It is clear that this crime against humanity corresponds perfectly to the criteria set out in article 2 of the 1948 Genocide Convention.
– Eric David
PARIS, FRANCE, September 3, 2021 /EINPresswire.com/ – Last week, a number of international law experts, along with hundreds of other European dignitaries, participated in a virtual conference on what could be the biggest unresolved late twentieth century crime against humanity. More than 1,000 survivors of this crime also attended the event, many offering intimate memories of the Iranian regime’s mass executions in the summer of 1988.
In the space of about three months that year, around 30,000 political prisoners were killed on the orders of “death commissions” tasked with implementing a fatwa by the regime’s founder and first supreme leader Khomeini. About 90 percent of death commission victims were affiliated with Iran’s main pro-democracy opposition, Mujahedin-e Khalq (MEK / PMOI).
Last year, seven United Nations human rights experts said that the failure of the international body to investigate the 1988 massacre “had a devastating impact on survivors and families as well as on the general human rights situation in Iran and encouraged Iran to… maintain a strategy of deviation and denial.
Survivors of the 1988 massacre have repeatedly criticized the international community for its policy of “appeasement” towards Tehran. Many point to the legitimation of the new Iranian president, Ebrahim Raisi, who was invested on August 5 during a ceremony in the presence, among others, of Enrique Mora, deputy political director of the European External Action Service.
In 1988, Raisi was one of four officials who served on Tehran’s death commission that oversaw the entire massacre. And in 2019, he placed himself at the head of the judiciary when it launched its long-term campaign of systematic torture. Amnesty International has rightly pointed out that Raisi’s accession to the presidency is “a grim reminder that impunity reigns supreme in Iran”.
Raisi’s presidential inauguration makes it all the more imperative that the United Nations formally investigate the 1988 massacre and bring Raisi and other leading perpetrators to justice. The alternative is to legitimize the Raisi administration in a way that will inevitably give Tehran a greater sense of impunity than ever before.
Although prosecutions before the ICC may have particular symbolic weight, paragraph 4 of the Preamble to the Statute states that “States parties to this Statute […] Affirming that the most serious crimes of concern to the international community as a whole must not go unpunished and that their effective prosecution must be ensured by taking action at the national level and strengthening international cooperation ”. As such, any declaration has the responsibility to fight against the impunity of the authorities responsible for the 1988 massacre.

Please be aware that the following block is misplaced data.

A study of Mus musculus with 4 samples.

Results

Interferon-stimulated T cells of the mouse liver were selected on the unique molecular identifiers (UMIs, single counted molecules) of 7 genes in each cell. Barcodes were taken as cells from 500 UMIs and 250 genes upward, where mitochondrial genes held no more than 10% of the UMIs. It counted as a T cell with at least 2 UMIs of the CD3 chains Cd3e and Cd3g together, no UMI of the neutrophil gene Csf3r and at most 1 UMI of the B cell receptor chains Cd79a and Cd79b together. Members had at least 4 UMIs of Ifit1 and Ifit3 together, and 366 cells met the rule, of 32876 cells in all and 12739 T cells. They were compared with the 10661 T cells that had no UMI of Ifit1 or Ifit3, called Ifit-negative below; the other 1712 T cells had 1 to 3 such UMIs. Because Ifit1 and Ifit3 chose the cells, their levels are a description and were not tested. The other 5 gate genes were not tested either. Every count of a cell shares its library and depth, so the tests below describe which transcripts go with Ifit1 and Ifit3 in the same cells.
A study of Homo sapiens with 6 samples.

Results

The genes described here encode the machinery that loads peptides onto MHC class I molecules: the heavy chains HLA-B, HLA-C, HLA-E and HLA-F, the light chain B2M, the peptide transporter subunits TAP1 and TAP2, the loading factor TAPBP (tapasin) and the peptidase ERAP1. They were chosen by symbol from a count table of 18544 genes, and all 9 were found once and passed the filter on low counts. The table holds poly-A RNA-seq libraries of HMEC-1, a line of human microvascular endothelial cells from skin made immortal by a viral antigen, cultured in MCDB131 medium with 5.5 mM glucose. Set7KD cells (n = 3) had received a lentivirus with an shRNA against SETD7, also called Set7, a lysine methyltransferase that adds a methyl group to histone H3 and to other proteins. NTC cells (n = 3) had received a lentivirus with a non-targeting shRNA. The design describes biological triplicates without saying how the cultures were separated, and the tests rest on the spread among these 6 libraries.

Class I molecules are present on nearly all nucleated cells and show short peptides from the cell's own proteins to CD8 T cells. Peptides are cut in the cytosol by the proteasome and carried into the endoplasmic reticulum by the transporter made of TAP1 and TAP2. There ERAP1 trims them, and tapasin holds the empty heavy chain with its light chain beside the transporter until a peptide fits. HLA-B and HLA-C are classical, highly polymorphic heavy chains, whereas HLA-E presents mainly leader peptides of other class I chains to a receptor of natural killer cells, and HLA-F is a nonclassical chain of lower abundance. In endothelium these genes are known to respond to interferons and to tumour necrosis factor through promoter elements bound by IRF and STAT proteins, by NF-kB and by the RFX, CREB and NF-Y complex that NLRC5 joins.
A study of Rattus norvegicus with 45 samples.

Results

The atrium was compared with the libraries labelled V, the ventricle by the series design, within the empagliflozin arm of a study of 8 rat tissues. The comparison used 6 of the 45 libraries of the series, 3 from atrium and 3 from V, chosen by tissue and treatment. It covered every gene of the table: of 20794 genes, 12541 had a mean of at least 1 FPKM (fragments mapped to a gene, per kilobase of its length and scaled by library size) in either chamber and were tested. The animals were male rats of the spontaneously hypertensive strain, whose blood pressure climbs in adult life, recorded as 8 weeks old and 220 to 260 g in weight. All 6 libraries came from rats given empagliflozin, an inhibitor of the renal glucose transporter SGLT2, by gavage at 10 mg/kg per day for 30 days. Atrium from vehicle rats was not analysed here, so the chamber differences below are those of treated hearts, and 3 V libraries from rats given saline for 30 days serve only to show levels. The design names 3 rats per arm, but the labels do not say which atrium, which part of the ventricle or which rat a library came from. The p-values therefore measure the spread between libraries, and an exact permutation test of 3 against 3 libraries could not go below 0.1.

As Raisi will most likely travel the world as president, nations will have ample opportunity to apply this principle in his case. There is overwhelming evidence that Raisi is indeed guilty of the most serious crimes against humanity.
One could even argue that the massacre of political prisoners in 1988 was an example of genocide and should be prosecuted as such. The fatwa underlying the 1988 massacre was not only political in nature but also religious. He called the PMOI members enemies of God and specifically stated that they “do not believe in Islam”.
PMOI members believe in a democratic and moderate Islam, diametrically opposed to the fundamentalism of the mullahs. The larger purpose of the 1988 massacre was to destroy a certain religious ideology, namely a Muslim faith compatible with pluralism and secular democratic governance, which would allow Iran to coexist peacefully with the rest of the world.
It is clear that this crime against humanity corresponds perfectly to the criteria set out in Article 2 of the 1948 Genocide Convention. This convention clearly defines the responsibility for action shared by all the nations which have ratified it. Since 1995, the Security Council has repeatedly called on States to fight impunity (see S / RES / 1012 and many other resolutions).
Thus, the International Law Commission in art. 9 of its 1996 draft Code of Crimes against the Peace and Security of Mankind wrote: “Without prejudice to the jurisdiction of an international criminal court, the State Party in whose territory an individual accused of committing [genocide], 18 [crimes against humanity], 19 [crimes against UN officials] or 20 [war crimes] is found must extradite or prosecute that individual.
If Western policymakers give proper attention to the genocidal impulses behind the 1988 massacre, they can help foster the international will that would be needed to prosecute Raisi and others in the International Criminal Court. But even if these policymakers can only convince their own governments of the gravity of the crime, that will be enough to justify bringing the perpetrators to justice in their own jurisdictions.
Sweden is doing just that with a lower level participant in the massacre, Hamid Noury. As a result of this action, the stage is set for other nations to attack those who bear the greatest responsibility.
Eric David is a renowned Belgian lawyer and professor of international law.